Has the Defense Travel System arrived?

Online booking system is adding users, though some in Congress remain skeptical

GAO was right about this: You really need to shut down the old ways of doing business so you can force the change.'

'Col. Brandy Johnson, DTS program manager

Courtesy of Defense Travel System Office

The Defense Department's online travel booking system is on track to reach 11,000 sites with a capability to scale to 3.2 million users by the time it becomes fully operational in September.

Air Force Col. Brandy Johnson, DTS program manager, said the system has 925,000 users and currently processes 6,000 travel vouchers each day. And last month it rolled out its latest release, called President Monroe, where it added an automated debt management report capability and new procedures for processing debts.

'It seems like we've turned the corner of getting people happy about the product,' Johnson said of the $474 million program. 'Some people now scream when they move to a base that doesn't have it.'

This is a far cry from last fall when several congressional leaders threatened to cancel the controversial program once its contract with Northrop Grumman expires in September 2006. Lawmakers said the program was over budget and behind schedule, and that the department should consider dumping DTS to participate in the General Services Administration's E-Travel program.

Still, not everyone believes DTS is heading in the right direction. Sen. Chuck Grassley (R-Iowa) said he remained unconvinced of the value of DTS, which is similar in scope to commercial online booking systems Expedia and Travelocity.

'My investigations on Department of Defense travel laid out more problems than I can list and the Defense Travel System was to be the miracle worker that cleaned up these problems,' Grassley said. 'The jury is still out on the Defense Travel System and I remain skeptical that all of the problems are fixed.'

A recent Government Accountability Office report also pointed to several longstanding challenges. GAO found DTS needed to develop more interfaces with DOD's business systems and said the program remained underutilized at the sites where it is deployed.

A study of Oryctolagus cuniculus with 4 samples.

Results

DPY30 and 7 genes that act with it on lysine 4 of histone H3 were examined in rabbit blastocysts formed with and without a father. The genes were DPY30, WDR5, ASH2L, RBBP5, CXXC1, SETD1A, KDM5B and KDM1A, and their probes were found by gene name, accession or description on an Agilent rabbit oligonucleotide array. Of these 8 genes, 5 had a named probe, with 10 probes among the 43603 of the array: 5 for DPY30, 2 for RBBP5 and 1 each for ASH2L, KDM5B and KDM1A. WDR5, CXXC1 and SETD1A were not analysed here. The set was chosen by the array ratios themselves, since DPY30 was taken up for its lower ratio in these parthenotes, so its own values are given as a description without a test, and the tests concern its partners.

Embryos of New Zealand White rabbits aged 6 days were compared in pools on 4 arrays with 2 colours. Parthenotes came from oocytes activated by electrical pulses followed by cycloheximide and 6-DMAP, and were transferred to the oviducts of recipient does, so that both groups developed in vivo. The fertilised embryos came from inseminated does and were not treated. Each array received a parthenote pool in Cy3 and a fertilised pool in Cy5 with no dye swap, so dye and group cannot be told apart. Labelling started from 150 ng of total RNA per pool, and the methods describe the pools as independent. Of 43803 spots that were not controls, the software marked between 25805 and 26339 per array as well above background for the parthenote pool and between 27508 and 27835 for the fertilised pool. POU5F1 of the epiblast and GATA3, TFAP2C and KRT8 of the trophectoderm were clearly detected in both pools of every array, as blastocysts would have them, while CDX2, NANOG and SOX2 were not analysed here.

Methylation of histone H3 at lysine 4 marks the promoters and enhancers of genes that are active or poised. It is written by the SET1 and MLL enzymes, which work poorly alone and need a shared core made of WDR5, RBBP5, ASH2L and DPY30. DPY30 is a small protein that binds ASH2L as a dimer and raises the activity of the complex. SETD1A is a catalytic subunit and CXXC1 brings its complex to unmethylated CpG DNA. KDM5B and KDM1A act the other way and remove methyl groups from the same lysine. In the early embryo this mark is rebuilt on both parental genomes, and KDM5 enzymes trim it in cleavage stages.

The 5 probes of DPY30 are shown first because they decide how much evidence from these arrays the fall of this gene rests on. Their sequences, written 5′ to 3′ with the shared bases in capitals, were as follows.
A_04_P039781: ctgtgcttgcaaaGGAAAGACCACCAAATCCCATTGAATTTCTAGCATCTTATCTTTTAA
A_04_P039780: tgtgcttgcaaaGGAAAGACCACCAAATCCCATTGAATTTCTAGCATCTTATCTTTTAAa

'While DTS has developed 36 interfaces with various DOD business systems, it will have to develop interfaces with at least 18 additional systems'not a trivial task,' wrote McCoy Williams, GAO's director for financial management and assurance.
'Additionally, the continued use of the existing legacy travel systems results in underutilization of DTS and affects the savings that DTS was planned to achieve.'
Defense spent $30 million on the development and testing of those interfaces, GAO said. The audit agency added that if the interfaces are not successfully implemented, 'it will be virtually impossible for DTS to be a truly end-to-end travel system.'

Johnson acknowledges that DTS is still not being used to the degree that the program office had hoped.

'It's the proliferation rates that weren't as high as we would have liked,' Johnson said. 'GAO was right about this: You really need to shut down the old ways of doing business so you can force the change.

'If you're not going to get people to use it, how are you going to get the savings?' Johnson added.

Improved alignment

The underutilization appears to be changing. In February, DTS was moved from Defense Finance and Accounting Service oversight to the Business Transformation Agency structure, so the program can be better aligned with other joint business programs across the DOD.

This is a good fit for the program, Johnson said, because she views it more as a financial-management system than an online travel system. She said less than 5 percent of DTS' code is devoted to travel.

The travel system must interface with more than 40 accounting and disbursement systems, as well as Defense databases for tabulating mileage and per-diem rates, a travel records repository and DOD's public-key infrastructure.

'A key focus is all of the travel accounting,' Johnson said. 'The key difference between the commercial travel systems and DTS is [that] when people log onto the system and set up orders to travel, we are already talking to accounting systems and looking at money.'

Since DTS moved to the BTA office, Johnson said, she has seen improvements.

'We now talk to a lot of the program managers a lot quicker,' she said.

Johnson said the program office currently is working to recompete the contract currently held by Northrop Grumman later this year.

Also, DOD has been working closely with GSA's travel program. In April, DOD and GSA jointly released a draft request for proposals seeking a business intelligence tool that could capture key data on how government workers travel.

The tool is expected to help GSA and DOD get better data on travelers to put officials in a better position to negotiate deals with hotels and rental-car companies.